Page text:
Choose your weapons
Once in the thick of the action animation, backdrops and effects are okay, but never spectacular. Draw distances are unforgivably poor, with garrisons and war machines suddenly popping into existence. Similarly, groups of soldiers will appear on the battlefield, as if by magic. Character models can also be unwieldy and appear awkward, particularly if asked to do anything except run or fight. One particular section, in which you must ‘climb’ a rock face, is of particular embarrassment as the character model hops jarringly up the unconvincing terrain.
Tai Chi break?
Each fighter is able to hold two weapons and switching between the two is essential to prolong combos and up the damage quotas. Faced with a choice of weapons from the humble sword, through to pike, club, rapier, tonfas, claws and more, you’ll soon be wreaking a particularly deadly havoc on the field of war, as the kill counter gleefully spirals forever up.
Disappointingly, however, while there are a huge number of weapons on offer, each of the game’s heroes wielding swords, axes, and the like, are exactly like the next – seemingly the motion capture and animation budget didn’t stretch to include different techniques within the same weapon category. Hero characters might be capable of felling fifty enemy soldiers with the merest swipe of a sword, but it will always be the same swipe; not ideal when it comes to keeping things fresh.
As in previous games, the hostiles on show are a mix of foot soldiers, captains and generals – only the latter two categories offering any sort of resistance. Despite often being surrounded by fifty or more soldiers you’ll rarely feel threatened. In fact, in my experience, most game over screens tended to be caused either by one of a fraction of singularly powerful enemies, such as the peerless Lu Bu, or else a mission-critical friendly unit dashing off to his death; much to my personal chagrin.
Fighting largely consists of hammering the standard attack button while interposing a strong attack here and there in order to pull off a variety of finishes to your combos. Once fully charged, it’s also possible to unleash so-called ‘Musou’ attacks, magical assaults ideal for causing widespread damage and knocking down all hostiles, regardless of size and strength. It’s a simplistic formula, but one which becomes oddly hypnotic due to the sheer number of foes cast asunder.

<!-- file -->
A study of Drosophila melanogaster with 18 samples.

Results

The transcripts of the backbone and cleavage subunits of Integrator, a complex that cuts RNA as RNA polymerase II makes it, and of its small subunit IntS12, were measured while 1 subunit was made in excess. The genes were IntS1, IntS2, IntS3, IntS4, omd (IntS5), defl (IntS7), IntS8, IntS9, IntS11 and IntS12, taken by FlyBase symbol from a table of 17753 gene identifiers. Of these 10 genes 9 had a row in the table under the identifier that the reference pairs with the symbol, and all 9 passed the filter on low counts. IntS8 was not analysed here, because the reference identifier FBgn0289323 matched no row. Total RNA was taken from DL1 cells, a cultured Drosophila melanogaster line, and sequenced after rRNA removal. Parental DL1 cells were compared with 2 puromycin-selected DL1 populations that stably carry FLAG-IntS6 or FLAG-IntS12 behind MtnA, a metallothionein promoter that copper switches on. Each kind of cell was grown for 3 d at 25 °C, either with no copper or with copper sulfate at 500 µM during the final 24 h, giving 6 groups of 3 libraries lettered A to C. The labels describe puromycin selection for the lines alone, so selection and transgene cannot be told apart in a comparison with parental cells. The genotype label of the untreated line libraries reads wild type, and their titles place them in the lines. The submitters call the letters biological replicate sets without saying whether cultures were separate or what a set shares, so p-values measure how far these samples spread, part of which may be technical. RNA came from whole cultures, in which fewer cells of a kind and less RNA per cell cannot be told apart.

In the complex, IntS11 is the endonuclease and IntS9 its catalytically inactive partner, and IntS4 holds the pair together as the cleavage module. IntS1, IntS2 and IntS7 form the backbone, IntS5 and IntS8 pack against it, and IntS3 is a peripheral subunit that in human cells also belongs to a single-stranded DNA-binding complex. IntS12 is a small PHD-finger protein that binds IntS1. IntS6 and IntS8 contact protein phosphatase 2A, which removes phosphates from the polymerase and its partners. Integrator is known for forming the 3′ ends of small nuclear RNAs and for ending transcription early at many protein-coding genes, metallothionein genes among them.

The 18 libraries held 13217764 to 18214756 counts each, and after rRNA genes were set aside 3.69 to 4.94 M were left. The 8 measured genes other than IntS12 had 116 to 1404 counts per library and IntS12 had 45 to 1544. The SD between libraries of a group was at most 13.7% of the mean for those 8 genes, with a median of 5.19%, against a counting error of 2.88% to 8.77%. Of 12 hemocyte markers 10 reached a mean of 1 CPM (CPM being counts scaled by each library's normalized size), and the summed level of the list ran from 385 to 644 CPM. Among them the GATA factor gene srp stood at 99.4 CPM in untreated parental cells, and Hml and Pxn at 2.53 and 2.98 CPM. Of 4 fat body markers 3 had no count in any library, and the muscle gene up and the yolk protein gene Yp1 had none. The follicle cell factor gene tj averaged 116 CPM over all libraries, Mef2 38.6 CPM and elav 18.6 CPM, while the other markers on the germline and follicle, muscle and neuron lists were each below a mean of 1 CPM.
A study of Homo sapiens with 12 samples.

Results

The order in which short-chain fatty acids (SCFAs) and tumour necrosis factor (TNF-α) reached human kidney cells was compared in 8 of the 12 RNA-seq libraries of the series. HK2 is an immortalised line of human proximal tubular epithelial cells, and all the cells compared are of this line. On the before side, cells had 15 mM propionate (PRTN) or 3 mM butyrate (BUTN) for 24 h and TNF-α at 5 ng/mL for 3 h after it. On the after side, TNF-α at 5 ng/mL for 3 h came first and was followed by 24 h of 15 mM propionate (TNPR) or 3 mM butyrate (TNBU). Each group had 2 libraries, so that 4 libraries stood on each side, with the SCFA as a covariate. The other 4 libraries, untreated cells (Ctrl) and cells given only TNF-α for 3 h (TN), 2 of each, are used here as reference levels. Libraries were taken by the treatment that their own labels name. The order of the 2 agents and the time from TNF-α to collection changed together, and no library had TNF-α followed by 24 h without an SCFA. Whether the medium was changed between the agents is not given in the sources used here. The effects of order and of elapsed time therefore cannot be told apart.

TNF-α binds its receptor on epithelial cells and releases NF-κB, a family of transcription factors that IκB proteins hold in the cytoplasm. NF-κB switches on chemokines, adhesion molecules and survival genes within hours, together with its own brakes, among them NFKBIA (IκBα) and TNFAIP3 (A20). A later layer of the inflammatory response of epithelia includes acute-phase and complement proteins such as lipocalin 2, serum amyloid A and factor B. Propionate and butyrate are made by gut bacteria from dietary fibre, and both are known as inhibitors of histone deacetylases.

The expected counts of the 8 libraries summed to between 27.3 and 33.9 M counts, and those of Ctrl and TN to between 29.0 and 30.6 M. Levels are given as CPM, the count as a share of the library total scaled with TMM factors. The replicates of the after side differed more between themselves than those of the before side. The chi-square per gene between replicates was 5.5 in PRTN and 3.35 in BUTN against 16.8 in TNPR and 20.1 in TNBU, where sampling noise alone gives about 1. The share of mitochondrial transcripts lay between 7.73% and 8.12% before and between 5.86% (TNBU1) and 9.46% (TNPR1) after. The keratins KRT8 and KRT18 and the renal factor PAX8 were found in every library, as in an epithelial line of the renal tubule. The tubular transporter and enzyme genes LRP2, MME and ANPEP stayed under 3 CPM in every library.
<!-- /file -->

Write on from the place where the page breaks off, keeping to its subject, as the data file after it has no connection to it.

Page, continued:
the original game was so much fun and different when it came out
shame to see the franchise has become just another typical uninnovative franchise :(
It's been a long time since I was a hardcore gamer but Crysis springs to mind. That's on PC tho, maybe the fib factor is higher on teh consoles?
re: ingame trailers
while your example is correct, i've noticed that trailers featuring in-game graphics or even gameplay are getting much more common - ala cod modernwankery2 and blackops etc.
the concept of a very flash looking prerendered trailer or intro movie is fast being replaced by ingame examples, due in no small part to the rapidly improving in game graphics.
10 years ago an FMV was needed for people to drop their jaws, nowadays just look at the frostbite2 engine gameplay trailers for battlefield3, or gameplay footage of crysis2, both of those can acheive the same effect using only what the game is built from already.
OT: the game looks bad. :(
I mean, no offense....
But, when was the last time you saw an intro video to a game that showed you ACTUAL game footage/activities you can do....
If a Deathwing attack actually LOOKED like it does in the intro vid to WoW's Cataclysm, I MAY actually be terrified....but it doesn't.
So, one needs to think of these ads as just that, ads that are made to mind-fuck people into paying for said product.
Ah well, sigh.
I'm a fan...
...and even I am not going to buy this. The first DW on next-gen consoles had only marginally better graphics than the PS2 version, and less missions. It also had a pitiful view distance and number of on-screen enemies. This got even worse, to the point of being nearly unplayable due to inability to figure out what was going on around you, if you played split-screen coop. This when at roughly the same time on the same platform we had Heavenly Sword and its countless legions of enemies, stretching for what looked like miles. Burn me once, shame on me - not going to get burned twice.
As I find myself saying all too frequently these days: if you can't do graphics, do gameplay; if you can't do gameplay, do graphics; if you can do neither graphics nor gameplay, do another freakin' job.